Maputo — Mozambique's main opposition party, Renamo, on Monday strongly condemned the recent allegations that guards at the Maputo Special Penitentiary for Women (EPEMM), better known as the Ndlavela Women's Prison, had forced women inmates into prostitution.
Addressing a press conference in Maputo, the Renamo spokesperson, Jose Manteigas, said his party and its leader, Ossufo Momade, are urging the justice system to punish, in an exemplary fashion, the criminal behaviour of all those embroiled in the scandal, so as to discourage similar attitudes in future.
"Renamo and its leader see the commission of inquiry created and spearheaded by the Ministry of Justice as another simulation intended to entertain Mozambicans, but without bringing about any outcome, as happened in other situations in the past,", he said.
The shameful scandal first surfaced on Tuesday last week in the wake of a damning investigation by the anti-corruption NGO, the Centre for Public Integrity (CIP), which found that prison guards were running a racket in which women prisoners were forced into prostitution.
CIP investigated this scandal for five months, and CIP investigators, pretending to be clients interested in buying prisoners for sex, infiltrated the clandestine network operated by prison guards. The material gathered by CIP includes videos of aspects of the prostitution racket, interviews with several of the victims, and mobile phone messages between prison guards and supposed clients.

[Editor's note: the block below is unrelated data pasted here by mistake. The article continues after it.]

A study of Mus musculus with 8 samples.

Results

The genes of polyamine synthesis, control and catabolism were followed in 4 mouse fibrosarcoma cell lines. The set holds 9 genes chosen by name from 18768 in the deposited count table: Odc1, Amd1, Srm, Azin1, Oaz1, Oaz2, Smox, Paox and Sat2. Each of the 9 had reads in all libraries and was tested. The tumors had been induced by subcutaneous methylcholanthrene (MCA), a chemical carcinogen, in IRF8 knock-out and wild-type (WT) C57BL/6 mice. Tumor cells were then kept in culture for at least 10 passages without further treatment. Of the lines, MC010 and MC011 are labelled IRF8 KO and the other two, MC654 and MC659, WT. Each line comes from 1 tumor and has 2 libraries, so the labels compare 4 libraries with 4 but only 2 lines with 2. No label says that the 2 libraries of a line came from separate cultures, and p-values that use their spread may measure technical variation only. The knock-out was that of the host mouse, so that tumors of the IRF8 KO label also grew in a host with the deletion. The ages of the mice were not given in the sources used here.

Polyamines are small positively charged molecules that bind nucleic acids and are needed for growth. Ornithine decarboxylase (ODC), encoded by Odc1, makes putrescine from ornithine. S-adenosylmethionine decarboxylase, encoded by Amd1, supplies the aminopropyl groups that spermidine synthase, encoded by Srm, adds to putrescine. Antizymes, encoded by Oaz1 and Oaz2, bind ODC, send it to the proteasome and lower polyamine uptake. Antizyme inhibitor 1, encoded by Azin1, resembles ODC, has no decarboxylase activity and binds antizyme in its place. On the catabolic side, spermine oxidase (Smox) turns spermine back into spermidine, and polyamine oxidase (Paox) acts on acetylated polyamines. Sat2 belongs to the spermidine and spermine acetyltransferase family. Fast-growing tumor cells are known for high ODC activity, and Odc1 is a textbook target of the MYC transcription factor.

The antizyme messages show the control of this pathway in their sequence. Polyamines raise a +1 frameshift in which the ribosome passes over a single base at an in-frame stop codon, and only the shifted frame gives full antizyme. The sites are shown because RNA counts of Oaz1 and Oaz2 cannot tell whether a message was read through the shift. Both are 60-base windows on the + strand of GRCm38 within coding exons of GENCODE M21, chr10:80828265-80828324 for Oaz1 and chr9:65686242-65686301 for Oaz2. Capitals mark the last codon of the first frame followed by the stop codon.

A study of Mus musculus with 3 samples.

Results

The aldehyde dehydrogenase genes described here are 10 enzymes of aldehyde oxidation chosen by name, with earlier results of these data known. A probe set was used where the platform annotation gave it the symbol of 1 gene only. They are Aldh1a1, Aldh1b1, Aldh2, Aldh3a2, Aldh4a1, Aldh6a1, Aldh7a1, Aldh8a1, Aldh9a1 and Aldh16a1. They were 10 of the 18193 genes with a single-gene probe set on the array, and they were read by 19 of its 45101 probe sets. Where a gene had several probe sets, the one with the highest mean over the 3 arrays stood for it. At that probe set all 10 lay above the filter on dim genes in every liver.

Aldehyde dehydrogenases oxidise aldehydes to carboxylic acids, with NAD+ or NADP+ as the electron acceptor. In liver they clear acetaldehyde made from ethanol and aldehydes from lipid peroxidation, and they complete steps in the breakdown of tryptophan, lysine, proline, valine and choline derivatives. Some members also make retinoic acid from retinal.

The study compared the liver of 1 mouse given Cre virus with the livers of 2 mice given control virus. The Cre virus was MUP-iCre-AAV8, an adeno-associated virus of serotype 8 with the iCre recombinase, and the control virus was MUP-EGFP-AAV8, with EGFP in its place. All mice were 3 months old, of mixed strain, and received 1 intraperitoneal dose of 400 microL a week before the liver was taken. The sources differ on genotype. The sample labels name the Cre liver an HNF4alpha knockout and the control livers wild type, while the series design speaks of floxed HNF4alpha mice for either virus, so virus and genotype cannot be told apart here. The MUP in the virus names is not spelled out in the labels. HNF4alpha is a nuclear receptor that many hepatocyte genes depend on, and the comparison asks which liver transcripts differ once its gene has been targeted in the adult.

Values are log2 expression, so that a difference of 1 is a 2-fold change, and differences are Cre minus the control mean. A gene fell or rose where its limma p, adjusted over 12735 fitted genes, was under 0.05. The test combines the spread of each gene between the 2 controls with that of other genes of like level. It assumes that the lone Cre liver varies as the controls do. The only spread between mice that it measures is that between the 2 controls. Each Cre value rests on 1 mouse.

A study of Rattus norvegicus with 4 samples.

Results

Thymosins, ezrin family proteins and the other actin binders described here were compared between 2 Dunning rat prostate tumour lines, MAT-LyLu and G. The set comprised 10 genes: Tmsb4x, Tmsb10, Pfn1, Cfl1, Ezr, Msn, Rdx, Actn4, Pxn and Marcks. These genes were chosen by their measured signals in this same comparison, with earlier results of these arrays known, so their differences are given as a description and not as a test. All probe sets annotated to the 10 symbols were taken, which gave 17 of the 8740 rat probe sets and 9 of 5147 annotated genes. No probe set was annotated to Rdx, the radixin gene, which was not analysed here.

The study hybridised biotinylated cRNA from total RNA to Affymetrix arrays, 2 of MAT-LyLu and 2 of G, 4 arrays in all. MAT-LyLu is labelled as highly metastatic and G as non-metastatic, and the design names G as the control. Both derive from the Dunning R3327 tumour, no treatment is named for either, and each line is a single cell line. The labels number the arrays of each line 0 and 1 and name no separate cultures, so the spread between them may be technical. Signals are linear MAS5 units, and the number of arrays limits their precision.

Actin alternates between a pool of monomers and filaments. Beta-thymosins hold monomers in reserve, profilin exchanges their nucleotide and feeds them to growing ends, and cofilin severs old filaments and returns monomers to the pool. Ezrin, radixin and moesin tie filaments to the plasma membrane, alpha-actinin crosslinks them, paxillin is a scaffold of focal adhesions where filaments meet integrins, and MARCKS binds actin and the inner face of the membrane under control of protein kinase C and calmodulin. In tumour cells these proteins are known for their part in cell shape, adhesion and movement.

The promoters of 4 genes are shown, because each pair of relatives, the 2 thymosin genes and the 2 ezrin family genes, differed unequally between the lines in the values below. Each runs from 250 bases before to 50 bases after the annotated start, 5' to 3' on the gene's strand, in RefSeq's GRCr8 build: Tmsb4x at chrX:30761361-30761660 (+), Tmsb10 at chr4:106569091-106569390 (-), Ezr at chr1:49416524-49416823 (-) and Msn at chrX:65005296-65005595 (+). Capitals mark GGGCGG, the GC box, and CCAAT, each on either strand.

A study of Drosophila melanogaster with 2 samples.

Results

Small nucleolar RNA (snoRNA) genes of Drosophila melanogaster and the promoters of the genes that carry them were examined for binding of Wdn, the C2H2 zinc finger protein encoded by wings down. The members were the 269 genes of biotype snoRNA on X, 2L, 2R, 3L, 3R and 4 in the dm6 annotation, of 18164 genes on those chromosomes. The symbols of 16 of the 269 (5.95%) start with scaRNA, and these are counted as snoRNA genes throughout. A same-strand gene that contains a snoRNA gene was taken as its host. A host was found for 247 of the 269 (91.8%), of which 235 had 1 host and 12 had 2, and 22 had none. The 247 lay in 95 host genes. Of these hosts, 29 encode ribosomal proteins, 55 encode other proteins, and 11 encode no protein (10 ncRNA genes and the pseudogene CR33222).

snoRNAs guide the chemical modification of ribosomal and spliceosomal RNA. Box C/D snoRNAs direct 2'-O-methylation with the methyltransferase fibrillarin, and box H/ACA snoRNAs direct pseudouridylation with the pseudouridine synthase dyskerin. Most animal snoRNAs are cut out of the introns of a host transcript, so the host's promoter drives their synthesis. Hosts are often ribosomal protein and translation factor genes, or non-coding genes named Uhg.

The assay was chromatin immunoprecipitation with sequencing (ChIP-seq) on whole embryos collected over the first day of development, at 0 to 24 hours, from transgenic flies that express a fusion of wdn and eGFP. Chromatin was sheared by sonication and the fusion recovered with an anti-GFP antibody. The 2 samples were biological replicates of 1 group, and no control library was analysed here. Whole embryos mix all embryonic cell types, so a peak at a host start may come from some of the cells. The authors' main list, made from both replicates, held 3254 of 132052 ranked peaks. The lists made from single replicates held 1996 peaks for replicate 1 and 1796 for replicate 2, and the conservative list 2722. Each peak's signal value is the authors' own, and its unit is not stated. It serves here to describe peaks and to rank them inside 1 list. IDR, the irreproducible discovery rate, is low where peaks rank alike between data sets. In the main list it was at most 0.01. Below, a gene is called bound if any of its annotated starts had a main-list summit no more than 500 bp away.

The next day, Justice Minister Helena Kida paid a visit to the prison where she interacted with the prison management as well as some inmates to get a broader view of the situation unveiled by the CIP investigation. On Thursday, she suspended the entire EPEMM management.
Renamo, Manteigas added, regards as "baseless" the recent letter signed by seven of the 16 cement companies operating in Mozambique calling on the government to keep the price of cement high. The companies objected to the competition they are now facing from the Chinese-owned Dugongo Cimentos, a new entrant to the Mozambican cement market. They protested at the low prices Dugongo charged for its cement, accusing it of "dumping" and of "unfair competition".
The protest from the seven companies "is not in line with the ultimate social goal of companies which should not only merely for profit, especially in a society with a very low purchasing power," declared Manteigas.